A resource that represents the data of a single raw artifact as digital content accessible in its native format. A Binary resource can contain any content, whether text, image, pdf, zip archive, etc.
MimeType of the binary content
MimeType of the binary content represented as a standard MimeType (BCP 13).
Identifies another resource to use as proxy when enforcing access control
This element identifies another resource that can be used as a proxy of the security sensitivity to use when deciding and enforcing access control rules for the Binary resource. Given that the Binary resource contains very few elements that can be used to determine the sensitivity of the data and relationships to individuals, the referenced resource stands in as a proxy equivalent for this purpose. This referenced resource may be related to the Binary (e.g. Media, DocumentReference), or may be some non-related Resource purely as a security proxy. E.g. to identify that the binary resource relates to a patient, and access should only be granted to applications that have access to the patient.
Very often, a server will also know of a resource that references the binary, and can automatically apply the appropriate access rules based on that reference. However, there are some circumstances where this is not appropriate, e.g. the binary is uploaded directly to the server without any linking resource, the binary is referred to from multiple different resources, and/or the binary is content such as an application logo that has less protection than any of the resources that reference it.
The actual content
The actual content, base64 encoded.
If the content type is itself base64 encoding, then this will be base64 encoded twice - what is created by un-base64ing the content must be the specified content type.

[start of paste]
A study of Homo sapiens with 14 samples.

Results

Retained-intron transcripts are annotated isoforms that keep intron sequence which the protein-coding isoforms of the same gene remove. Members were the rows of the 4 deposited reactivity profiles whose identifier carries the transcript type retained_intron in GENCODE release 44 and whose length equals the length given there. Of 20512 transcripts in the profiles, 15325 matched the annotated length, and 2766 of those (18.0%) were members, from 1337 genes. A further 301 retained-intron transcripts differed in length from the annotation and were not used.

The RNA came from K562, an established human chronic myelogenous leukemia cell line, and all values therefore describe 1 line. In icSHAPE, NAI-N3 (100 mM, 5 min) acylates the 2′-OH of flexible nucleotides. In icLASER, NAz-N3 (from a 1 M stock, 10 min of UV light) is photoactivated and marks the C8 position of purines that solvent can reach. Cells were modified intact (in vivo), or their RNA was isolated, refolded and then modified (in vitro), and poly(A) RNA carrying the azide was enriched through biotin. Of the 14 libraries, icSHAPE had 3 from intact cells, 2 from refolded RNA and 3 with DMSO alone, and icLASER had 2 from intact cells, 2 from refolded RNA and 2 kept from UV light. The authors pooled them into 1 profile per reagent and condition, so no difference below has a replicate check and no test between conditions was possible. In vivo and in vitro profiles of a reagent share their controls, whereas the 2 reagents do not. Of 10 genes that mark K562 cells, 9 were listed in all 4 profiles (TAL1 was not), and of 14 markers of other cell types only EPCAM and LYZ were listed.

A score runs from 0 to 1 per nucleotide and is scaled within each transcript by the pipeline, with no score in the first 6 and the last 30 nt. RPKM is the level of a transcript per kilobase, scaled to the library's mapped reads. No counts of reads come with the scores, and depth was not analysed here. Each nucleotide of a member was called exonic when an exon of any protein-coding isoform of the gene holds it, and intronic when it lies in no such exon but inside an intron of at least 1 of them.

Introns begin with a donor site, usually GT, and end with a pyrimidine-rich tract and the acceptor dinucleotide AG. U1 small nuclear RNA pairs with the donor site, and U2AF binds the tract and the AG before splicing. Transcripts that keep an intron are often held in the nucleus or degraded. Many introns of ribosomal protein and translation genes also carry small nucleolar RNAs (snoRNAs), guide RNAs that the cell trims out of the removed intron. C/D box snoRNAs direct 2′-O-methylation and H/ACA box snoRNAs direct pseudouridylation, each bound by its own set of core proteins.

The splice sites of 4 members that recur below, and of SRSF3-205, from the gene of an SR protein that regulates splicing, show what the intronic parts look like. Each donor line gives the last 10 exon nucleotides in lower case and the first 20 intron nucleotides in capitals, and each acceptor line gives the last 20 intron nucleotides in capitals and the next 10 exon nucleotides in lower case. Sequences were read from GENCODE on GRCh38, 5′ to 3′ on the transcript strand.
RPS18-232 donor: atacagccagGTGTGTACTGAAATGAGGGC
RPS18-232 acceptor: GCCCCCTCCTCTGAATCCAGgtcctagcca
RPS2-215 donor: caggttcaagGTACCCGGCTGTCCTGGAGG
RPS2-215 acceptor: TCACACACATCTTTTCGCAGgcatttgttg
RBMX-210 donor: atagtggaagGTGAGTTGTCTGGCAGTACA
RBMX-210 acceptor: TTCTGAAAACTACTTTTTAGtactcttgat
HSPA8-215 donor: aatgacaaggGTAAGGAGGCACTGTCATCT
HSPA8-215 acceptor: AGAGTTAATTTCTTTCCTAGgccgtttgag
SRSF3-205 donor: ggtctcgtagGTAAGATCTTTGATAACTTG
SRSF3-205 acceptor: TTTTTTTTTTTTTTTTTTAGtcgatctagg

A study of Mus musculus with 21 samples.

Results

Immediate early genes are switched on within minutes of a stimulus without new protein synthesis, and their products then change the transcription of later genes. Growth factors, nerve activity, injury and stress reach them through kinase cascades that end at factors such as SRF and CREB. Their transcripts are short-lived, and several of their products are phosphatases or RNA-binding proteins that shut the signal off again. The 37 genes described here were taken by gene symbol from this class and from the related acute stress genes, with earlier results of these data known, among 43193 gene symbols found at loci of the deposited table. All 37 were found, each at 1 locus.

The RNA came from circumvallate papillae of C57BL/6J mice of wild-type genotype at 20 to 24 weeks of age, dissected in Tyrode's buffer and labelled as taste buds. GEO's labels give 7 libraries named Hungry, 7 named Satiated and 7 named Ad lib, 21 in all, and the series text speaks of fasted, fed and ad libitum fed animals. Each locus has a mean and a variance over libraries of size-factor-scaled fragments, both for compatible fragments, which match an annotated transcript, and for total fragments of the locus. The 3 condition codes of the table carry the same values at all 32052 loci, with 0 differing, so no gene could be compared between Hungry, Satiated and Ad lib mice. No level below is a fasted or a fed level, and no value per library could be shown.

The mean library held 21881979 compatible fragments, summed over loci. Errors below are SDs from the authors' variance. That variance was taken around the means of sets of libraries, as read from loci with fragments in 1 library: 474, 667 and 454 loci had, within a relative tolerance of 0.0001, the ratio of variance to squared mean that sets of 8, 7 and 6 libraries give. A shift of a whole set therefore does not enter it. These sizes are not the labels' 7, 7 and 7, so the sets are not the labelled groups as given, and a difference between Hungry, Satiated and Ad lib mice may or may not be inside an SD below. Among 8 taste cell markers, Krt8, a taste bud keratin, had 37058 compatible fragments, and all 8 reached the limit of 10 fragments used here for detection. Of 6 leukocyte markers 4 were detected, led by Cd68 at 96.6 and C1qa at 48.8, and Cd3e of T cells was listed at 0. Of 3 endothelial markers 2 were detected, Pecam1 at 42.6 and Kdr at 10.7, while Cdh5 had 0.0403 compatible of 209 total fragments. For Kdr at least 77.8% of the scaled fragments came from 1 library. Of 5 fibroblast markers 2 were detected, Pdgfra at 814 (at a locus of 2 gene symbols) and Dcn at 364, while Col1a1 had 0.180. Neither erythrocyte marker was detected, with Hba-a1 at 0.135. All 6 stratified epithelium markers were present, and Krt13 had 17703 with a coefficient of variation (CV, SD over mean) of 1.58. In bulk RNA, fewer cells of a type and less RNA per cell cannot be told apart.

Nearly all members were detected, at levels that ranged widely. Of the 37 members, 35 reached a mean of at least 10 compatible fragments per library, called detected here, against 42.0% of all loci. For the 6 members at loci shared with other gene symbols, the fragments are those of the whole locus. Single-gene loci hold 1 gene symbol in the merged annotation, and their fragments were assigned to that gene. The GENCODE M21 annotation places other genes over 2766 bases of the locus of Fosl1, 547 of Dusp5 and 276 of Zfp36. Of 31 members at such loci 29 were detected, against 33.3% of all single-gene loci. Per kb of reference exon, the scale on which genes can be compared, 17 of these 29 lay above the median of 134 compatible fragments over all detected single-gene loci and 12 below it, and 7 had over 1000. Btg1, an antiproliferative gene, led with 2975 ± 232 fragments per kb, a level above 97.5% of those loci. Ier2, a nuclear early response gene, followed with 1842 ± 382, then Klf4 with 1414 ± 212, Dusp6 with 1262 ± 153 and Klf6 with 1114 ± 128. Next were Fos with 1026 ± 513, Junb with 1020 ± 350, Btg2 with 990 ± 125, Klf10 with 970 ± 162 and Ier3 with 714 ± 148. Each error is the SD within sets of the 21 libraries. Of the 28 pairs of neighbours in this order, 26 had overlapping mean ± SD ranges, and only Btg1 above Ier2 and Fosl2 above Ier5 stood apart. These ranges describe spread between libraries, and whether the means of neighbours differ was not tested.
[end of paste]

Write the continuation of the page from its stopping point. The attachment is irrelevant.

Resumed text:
Uri where the data can be found
A location where the data can be accessed.
If both data and url are provided, the url SHALL point to the same content as the data contains. Urls may be relative references or may reference transient locations such as a wrapping envelope using cid: though this has ramifications for using signatures. Relative URLs are interpreted relative to the service url, like a resource reference, rather than relative to the resource itself. If a URL is provided, it SHALL resolve to actual data.
Logical id of this artifact
The logical id of the resource, as used in the URL for the resource. Once assigned, this value never changes.
The only time that a resource does not have an id is when it is being submitted to the server using a create operation.
Metadata about the resource
The metadata about the resource. This is content that is maintained by the infrastructure. Changes to the content might not always be associated with version changes to the resource.
A set of rules under which this content was created
A reference to a set of rules that were followed when the resource was constructed, and which must be understood when processing the content. Often, this is a reference to an implementation guide that defines the special rules along with other profiles etc.
Asserting this rule set restricts the content to be only understood by a limited set of trading partners. This inherently limits the usefulness of the data in the long term. However, the existing health eco-system is highly fractured, and not yet ready to define, collect, and exchange data in a generally computable sense. Wherever possible, implementers and/or specification writers should avoid using this element. Often, when used, the URL is a reference to an implementation guide that defines these special rules as part of it's narrative along with other profiles, value sets, etc.
Language of the resource content
The base language in which the resource is written.
Language is provided to support indexing and accessibility (typically, services such as text to speech use the language tag). The html language tag in the narrative applies to the narrative. The language tag on the resource may be used to specify the language of other presentations generated from the data in the resource. Not all the content has to be in the base language. The Resource.language should not be assumed to apply to the narrative automatically. If a language is specified, it should it also be specified on the div element in the html (see rules in HTML5 for information about the relationship between xml:lang and the html lang attribute).